I’ve been selling courses for over two and a half years on my website, justdjango.com and started working full time on it from March of this year. Since then, I’ve documented the most important decisions I’ve made so far, and how it’s affected the revenue of the site.
This is part 1 of a series of articles I'll be writing about the significant changes I made to my site that helped increase revenue and other metrics.
Part 1 - Subdomain
Part 2 - TBA
This post is specifically about the effect of moving my courses' website to a subdomain.
Moving to a subdomain helps filter out people who aren’t really interested in your courses, at least that's my hypothesis.
The reason I did this was that I had future plans to transform the root domain into more of a central landing page. It would have a contact page, a short about-me, and promote my freelancing work.
But the main focus was to drive people towards the learning platform, on learn.justdjango.com
I set up a tracking goal in April to see how many people would click on the call-to-action that redirected them to the subdomain.
Unfortunately, I didn't track this back in March so I can only assume the traffic has been the same or worse. Using Plausible Analytics, you can see the redirect goal achieves just under 20% conversion.
This is quite a big decrease in the original traffic that used to be able to signup for the courses straight away.
The courses were moved to a subdomain in early April.
This table compares the numbers for the month of March (before subdomain) and June (3 months after subdomain)
I need to make it clear that moving to a subdomain was not the only big change I made to the site. I made several large changes and I don't think this one helped as much as the others. But I do find it interesting because the number of signups decreased (as we saw from the Plausible data), but the conversion rate increased significantly.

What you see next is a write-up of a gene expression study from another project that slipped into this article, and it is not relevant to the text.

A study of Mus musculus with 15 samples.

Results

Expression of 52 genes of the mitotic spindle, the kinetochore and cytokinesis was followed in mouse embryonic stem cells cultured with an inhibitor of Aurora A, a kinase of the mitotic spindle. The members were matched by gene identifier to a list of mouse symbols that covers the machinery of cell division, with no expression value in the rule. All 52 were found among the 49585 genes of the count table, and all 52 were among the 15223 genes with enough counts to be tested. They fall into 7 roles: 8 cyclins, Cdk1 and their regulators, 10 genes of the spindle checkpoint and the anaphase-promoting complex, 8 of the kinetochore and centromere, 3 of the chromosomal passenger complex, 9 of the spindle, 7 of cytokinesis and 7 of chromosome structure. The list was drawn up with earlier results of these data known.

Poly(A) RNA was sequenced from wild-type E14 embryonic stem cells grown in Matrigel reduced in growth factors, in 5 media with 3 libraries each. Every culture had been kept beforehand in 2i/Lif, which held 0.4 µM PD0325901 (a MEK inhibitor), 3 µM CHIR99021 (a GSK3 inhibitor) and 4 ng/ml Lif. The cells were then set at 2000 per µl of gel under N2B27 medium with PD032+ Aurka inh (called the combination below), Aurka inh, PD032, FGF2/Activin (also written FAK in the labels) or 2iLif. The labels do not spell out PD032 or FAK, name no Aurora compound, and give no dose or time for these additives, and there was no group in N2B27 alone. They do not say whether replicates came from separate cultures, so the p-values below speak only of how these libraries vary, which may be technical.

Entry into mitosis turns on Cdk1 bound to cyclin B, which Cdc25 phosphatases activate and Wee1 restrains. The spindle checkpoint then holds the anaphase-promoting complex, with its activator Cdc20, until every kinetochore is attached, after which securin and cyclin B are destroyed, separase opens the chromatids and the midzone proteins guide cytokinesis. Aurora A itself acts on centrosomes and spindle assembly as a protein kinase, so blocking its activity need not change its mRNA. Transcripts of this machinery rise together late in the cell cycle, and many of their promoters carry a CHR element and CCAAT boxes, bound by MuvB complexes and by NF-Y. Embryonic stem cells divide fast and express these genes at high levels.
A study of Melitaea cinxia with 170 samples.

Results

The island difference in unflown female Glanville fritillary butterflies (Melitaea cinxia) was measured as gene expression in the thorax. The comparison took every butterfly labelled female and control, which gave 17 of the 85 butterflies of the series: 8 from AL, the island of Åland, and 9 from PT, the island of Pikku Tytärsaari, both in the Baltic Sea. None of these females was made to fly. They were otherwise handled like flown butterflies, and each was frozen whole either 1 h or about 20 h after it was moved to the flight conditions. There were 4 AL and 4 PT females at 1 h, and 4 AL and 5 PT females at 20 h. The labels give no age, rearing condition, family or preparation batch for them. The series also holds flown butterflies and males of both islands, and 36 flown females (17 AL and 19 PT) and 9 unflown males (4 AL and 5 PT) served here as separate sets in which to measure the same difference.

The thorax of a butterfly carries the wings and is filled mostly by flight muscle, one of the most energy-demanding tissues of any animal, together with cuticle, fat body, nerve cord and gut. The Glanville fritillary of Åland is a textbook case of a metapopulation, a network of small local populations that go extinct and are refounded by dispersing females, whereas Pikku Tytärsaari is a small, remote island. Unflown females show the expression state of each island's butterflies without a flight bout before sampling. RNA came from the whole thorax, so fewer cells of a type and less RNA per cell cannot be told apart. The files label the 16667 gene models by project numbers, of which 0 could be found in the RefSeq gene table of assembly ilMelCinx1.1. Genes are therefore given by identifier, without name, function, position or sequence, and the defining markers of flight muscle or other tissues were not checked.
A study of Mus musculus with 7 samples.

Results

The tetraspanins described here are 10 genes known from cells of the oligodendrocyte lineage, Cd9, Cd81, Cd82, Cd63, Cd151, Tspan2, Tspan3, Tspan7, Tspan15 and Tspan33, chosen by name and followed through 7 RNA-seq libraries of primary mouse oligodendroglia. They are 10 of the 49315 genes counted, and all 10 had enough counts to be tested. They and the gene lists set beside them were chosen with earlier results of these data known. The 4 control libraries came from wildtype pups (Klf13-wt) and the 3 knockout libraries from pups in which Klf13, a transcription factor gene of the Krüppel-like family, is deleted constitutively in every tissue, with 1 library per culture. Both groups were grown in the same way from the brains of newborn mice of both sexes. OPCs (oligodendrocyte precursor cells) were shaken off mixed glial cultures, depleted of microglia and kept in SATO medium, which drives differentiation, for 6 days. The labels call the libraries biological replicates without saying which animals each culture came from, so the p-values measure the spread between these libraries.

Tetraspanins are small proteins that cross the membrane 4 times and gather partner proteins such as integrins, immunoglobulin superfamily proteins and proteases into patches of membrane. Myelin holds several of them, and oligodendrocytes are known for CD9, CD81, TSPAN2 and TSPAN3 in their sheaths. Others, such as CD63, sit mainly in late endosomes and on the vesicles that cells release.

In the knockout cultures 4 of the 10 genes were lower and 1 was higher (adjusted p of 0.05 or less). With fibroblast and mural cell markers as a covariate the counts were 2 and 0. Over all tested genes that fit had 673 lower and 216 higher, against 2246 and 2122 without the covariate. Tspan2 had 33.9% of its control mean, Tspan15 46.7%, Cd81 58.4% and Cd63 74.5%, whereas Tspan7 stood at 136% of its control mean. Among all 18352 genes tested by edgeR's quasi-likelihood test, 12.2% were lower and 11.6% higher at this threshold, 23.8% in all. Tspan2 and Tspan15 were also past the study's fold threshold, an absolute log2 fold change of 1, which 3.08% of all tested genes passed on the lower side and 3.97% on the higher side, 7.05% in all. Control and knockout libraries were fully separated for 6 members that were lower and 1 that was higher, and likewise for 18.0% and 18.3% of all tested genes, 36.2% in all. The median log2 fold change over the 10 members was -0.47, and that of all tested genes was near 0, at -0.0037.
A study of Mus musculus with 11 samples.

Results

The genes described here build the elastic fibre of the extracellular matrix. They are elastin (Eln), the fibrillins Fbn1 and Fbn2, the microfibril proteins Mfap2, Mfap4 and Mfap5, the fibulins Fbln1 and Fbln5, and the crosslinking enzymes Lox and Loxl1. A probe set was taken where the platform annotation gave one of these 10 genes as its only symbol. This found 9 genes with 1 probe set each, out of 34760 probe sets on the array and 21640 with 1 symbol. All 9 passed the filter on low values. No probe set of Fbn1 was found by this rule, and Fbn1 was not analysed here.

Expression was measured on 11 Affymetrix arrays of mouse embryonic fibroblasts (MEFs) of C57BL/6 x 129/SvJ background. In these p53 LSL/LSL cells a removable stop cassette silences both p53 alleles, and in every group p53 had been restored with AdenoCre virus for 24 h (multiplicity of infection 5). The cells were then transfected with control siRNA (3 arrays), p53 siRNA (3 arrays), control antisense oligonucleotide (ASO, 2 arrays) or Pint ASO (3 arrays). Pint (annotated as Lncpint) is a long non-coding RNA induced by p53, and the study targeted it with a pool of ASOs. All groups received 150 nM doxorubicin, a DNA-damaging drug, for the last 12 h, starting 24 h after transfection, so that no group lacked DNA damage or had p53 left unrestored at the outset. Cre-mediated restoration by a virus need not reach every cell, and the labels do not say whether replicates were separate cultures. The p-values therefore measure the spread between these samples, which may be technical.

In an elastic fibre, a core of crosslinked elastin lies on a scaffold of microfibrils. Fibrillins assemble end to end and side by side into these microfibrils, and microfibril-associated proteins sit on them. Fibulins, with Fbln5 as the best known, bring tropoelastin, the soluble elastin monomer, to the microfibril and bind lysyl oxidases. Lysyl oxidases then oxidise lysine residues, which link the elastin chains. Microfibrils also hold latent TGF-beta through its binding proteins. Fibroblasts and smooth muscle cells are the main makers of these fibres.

I'd like to believe the increase in the conversion rate is related to the subdomain move because it largely filtered out people who were not interested in taking my courses. The remaining 20% of traffic that went through to the subdomain were much more realistic customers. I can't say for sure that it did help, but I just have a feeling. I'd love to hear your take on this!
Logging in with Google is both good and bad. It’s good because it allows people to quickly login with just a click of a button, which is very convenient. It’s bad because it allows people to essentially window-shop. You can login with Google, take a look around, and then leave and forget about it. Whereas logging in with email and password, to me, feels like it requires a little bit more interest to create an account. If you have an opinion on this thought please leave a comment below. I'd love to discuss it.